Watch The Looking Cure - a mini-doc about John Hofsess's Palace of Pleasure - made by Stephen Broomer.
“See it and you’ll see a window on the future: a Joyce-Burroughs assemblage of bold, poetic surreal visions of physical love in every conceivable form." - Gene Youngblood
As Broomer writes in CineAction (the full essay reproduced here):
Hamilton's McMaster University of the mid-1960s had a thriving campus art scene. The annual arts festival attracted prestigious and daring North American guests, such as Amiri Baraka, Cannonball Adderly, Andy Warhol and the Velvet Underground, and Leslie Fiedler among others. In 1966, mature student John Hofsess, a frequent contributor to the campus newspaper, began to produce 8mm and then 16mm films. Hofsess founded an organization of student filmmakers called the McMaster Film Board (MFB), a group funded by the student union. Hofsess's interests in sexual revolution and American underground art made for a tense relationship between the McMaster Film Board and the student union. Through the McMaster Film Board, John Hofsess began Palace of Pleasure (1966/67), a series of experimental films. Intended as a trilogy, only two parts were completed.
The films were designed as showcases for Hofsess's concept of 'cinematherapy, an experiment that combined ideas from contemporary media--from Warhol and McLuhan--with ideas gleaned from writings on psychoanalytic liberation. His project was similar, if more in spirit than practice, to Wilhelm Reich's orgasm theory, wherein the organism was freed from its neurosis through the total release of dammed-up orgastic energies. Reich envisioned a healthy and functional mankind that could build a sex-positive society away from the tyranny of repressive institutions.
Hofsess saw his films operating in opposition to a filmmaker such as Jack Smith (Flaming Creatures), whose shocking work, in Hofsess's estimation, could only reinforce the alienation of the neurotic and their bond to the repressive institution. The ideas underlying the productions were Hofsess's own, but the first part (Redpath 25) was a collaboration between Hofsess, McMaster art community organizer Patricia Murphy, who starred in it, and Robin Hilborn, a science student who applied bleach effects during the film's processing.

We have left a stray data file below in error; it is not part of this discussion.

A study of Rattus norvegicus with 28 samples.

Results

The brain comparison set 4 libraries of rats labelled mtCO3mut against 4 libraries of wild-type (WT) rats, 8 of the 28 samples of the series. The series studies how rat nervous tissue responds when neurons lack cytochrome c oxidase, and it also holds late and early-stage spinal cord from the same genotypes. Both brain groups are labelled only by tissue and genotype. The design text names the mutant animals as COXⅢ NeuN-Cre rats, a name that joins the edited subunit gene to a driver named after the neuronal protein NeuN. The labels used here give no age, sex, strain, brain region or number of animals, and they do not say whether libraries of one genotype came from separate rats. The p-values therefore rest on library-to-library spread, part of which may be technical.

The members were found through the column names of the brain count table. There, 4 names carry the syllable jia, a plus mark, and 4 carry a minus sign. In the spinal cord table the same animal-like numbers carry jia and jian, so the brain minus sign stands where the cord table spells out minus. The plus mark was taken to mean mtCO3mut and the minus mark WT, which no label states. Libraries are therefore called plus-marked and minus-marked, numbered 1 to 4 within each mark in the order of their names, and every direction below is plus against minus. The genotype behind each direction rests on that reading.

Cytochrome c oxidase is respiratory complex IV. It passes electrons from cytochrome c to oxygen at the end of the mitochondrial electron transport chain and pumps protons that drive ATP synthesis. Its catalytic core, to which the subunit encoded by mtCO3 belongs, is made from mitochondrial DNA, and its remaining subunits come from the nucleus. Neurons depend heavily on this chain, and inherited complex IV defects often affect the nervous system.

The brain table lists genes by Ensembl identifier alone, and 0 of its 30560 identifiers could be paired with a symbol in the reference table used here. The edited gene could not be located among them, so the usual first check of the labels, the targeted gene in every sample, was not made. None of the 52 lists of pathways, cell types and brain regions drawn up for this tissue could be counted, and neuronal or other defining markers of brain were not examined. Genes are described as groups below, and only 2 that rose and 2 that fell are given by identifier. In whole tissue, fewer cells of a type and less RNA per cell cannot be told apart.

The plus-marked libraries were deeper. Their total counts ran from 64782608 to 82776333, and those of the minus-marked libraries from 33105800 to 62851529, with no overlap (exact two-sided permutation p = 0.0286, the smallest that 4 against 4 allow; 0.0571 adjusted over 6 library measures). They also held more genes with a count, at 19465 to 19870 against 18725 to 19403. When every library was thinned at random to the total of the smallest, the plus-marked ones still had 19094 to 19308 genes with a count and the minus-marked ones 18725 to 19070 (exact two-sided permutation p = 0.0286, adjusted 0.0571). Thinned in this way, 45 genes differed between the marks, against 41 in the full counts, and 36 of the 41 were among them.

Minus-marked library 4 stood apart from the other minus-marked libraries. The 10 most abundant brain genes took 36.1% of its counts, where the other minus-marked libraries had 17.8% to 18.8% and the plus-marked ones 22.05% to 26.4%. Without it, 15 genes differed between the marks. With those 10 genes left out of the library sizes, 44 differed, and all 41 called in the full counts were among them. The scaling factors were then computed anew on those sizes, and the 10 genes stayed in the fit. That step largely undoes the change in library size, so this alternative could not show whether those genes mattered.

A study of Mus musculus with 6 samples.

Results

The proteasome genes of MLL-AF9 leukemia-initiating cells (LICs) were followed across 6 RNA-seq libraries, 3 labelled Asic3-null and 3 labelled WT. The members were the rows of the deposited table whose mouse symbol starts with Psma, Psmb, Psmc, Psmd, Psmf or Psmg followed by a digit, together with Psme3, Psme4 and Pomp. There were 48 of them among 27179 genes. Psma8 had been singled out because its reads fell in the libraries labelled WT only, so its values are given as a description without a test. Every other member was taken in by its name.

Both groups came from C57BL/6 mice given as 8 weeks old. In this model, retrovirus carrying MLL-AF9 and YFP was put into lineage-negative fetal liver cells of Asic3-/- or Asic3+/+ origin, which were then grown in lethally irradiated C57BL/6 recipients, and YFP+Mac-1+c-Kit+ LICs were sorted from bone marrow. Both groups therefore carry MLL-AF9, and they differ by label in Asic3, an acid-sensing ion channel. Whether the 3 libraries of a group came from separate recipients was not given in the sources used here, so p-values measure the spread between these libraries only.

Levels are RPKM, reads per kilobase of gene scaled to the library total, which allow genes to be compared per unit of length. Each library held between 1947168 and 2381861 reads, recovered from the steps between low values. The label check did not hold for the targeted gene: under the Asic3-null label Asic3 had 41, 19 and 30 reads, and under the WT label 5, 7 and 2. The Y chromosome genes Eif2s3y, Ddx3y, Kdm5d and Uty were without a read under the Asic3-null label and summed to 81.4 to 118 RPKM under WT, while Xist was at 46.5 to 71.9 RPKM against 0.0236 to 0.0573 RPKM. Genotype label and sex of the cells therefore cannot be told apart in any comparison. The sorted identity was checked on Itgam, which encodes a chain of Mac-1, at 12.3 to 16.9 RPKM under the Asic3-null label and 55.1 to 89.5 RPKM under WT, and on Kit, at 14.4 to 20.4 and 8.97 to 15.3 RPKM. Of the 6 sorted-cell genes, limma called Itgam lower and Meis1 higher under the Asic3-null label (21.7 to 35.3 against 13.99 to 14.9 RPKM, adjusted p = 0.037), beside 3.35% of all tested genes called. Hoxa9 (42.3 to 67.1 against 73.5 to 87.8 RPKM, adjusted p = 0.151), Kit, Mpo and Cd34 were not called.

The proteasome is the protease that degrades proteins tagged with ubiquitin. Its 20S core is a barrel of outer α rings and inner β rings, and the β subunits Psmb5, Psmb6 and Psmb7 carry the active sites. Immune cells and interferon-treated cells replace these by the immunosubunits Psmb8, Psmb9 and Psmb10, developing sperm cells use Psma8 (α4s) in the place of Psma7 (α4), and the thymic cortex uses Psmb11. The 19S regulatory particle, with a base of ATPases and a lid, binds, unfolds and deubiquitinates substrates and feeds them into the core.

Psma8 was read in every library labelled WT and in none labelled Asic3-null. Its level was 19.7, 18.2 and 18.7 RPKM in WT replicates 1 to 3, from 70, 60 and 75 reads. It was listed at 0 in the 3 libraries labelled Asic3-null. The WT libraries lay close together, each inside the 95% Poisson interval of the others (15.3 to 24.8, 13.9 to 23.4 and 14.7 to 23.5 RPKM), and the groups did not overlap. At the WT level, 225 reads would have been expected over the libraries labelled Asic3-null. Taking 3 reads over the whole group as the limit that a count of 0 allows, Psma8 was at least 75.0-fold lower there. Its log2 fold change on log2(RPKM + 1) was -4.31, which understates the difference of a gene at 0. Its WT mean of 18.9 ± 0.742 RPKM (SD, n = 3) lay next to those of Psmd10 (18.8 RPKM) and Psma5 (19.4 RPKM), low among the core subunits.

The second and more substantial part of the trilogy (Black Zero) was announced in the student press as being co-directed by McMaster Film Board president Peter Rowe, who was primarily responsible for the cinematography. Hofsess had also cast members of the McMaster Dramatic Society, specifically its director David Martin, who would go on to make a film with the McMaster Film Board titled To Paint the Park (1968), a single-screen experimental narrative that was heavily influenced by Hofsess's work. Martin's performance in Black Zero, according to Hofsess's model of therapeutic film form, was "flattened out" in editing. The film was presented in dual projection: tension would dissipate between the two screens.
The film acts as a sensual experience by emancipating the viewer from the expectations placed on them by the narrative tradition, their view of the film disrupted by the intentional compromise of performance elements as well as frequent obstructions of kaleidoscopic psychedelic images and appropriated magazine advertisements. Palace of Pleasure is an auteur work, supported through a manifesto that Hofsess contributed to Take One Magazine that expressed his unique aesthetic perspective ("Toward a New Voluptuary: From the Black Zero Notebook"), but it was made with conscious attention to the participation of others, in the spirit of collaborative practice. Hofsess showed a dedication to filmmaking as a social experience, here as well as in his community work as founder of the McMaster Film Board.
Interesting case study in the meeting ground / overlap between the avant-garde and pornography (see the famous Sontag essay), between libidinal liberation and titillation.
Broomer says that " Hofsess's film aesthetic had been informed by thinkers such as Wilhelm Reich, Carl Jung and Norman O. Brown, and by the literature that had been issuing from Grove Press through the 1960s...".
But one of his partners on his next project was Ivan Reitman, who would later make National Lampoon's Animal House.
That next project was titled Columbus of Sex. The makers were prosecuted. Some portions of that film were then turned into the arty erotica film My Secret Life (based on the diary of an anonymous Victorian sex maniac) by another director. Traces of it appear to be only findable on sites like xhamster.
The story is rather convoluted but can be found in this essay by Stephen Broomer.